The Politics of Buddhist Organizations in Taiwan, 1989-2003: Safeguarding the Faith, Building a Pure Land, Helping the Poor

By Pacey, Scott | The China Journal, January 2005 | Go to article overview

The Politics of Buddhist Organizations in Taiwan, 1989-2003: Safeguarding the Faith, Building a Pure Land, Helping the Poor


Pacey, Scott, The China Journal


The Politics of Buddhist Organizations in Taiwan, 1989-2003: Safeguarding the Faith, Building a Pure Land, Helping the Poor, by André Laliberté. London: RoutledgeCurzon, 2004. xii + 178 pp. £60.00 (hardcover).

Academic interest in Taiwanese Buddhism has grown steadily in recent years, with an increasing number of Western-language doctoral dissertations, journal articles and monographs appearing on the subject. André Laliberté's book is an important contribution to this burgeoning field. It explores the political behavior of three important Taiwanese Buddhist organizations between 1989 and 2003: the Buddhist Compassion Relief Tzu Chi Association (Ciji), Buddha Light Mountain (Foguangshan) and the Buddhist Association of the Republic of China (BAROC). Laliberté asks why these three Buddhist organizations have adopted such divergent political behavior.

With the passage of the Law on Civic Organizations in 1989, BAROC, the smallest of the three, became the official representative body for Buddhists in Taiwan. One of its roles was to act as a conduit for communication between the ruling Kuomintang (KMT) and the island's Buddhists. It was also the only body that could officially ordain members of the Buddhist clergy. However, its political influence has steadily waned with the rise of other groups such as Ciji and Foguangshan.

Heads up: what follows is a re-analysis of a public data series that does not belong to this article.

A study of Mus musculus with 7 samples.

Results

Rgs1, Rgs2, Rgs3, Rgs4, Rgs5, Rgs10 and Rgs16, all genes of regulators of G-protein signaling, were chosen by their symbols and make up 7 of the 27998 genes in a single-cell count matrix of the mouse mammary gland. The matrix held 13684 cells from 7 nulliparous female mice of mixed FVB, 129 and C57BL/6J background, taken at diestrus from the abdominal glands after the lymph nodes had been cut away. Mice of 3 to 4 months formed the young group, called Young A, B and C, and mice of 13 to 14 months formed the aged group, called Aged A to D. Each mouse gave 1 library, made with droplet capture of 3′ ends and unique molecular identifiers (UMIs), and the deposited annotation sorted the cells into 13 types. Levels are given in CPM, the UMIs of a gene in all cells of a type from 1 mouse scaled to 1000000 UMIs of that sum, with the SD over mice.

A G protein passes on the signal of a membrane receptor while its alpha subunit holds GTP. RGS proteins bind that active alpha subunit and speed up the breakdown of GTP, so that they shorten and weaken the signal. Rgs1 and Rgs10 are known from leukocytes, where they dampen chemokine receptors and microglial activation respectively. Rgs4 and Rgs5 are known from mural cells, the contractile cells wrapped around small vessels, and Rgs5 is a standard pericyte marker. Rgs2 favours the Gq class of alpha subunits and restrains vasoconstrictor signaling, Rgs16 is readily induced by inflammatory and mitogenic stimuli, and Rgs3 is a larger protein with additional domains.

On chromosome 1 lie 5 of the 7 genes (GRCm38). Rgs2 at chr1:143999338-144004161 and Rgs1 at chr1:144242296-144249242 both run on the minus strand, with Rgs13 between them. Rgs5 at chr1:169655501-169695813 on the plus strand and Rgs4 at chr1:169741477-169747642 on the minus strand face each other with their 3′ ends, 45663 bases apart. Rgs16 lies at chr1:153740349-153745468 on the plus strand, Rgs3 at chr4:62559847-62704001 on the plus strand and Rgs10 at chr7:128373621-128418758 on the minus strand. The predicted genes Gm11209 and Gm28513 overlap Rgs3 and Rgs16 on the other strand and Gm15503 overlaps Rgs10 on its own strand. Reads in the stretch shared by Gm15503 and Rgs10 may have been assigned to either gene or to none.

Laliberté divides contemporary Taiwanese Buddhist thought into two categories. He describes the first, represented by BAROC, as theologically conservative. Unlike Ciji and Foguangshan, BAROC is opposed to the involvement of lay Buddhists, and supports government legislation regulating religion. Laliberté describes how it has lobbied the government to enact legislative change that would allow it to regain the degree of power and prestige it formerly held, through a grant of greater authority over the island's Buddhists. On the other side, Zhengyan (the founder of Ciji) and Xingyun (the founder of Foguangshan) draw philosophical inspiration from the thought of Taixu (1890-1947) and Yinshun (1906- ), who may be considered the architects of the "humanistic Buddhism" (renjian fojiao) that now forms the mainstream of Taiwanese Buddhist thought. Both of these reformers advocated greater roles for both the clergy and the laity in the social sphere.

Despite sharing these common philosophical roots, Ciji and Foguangshan engage in quite different forms of political behavior. Members of Ciji are discouraged from engaging in politics, and Zhengyan herself steers away from direct political participation. Even so, Ciji has contributed greatly to improving the health care system of the island, running four hospitals.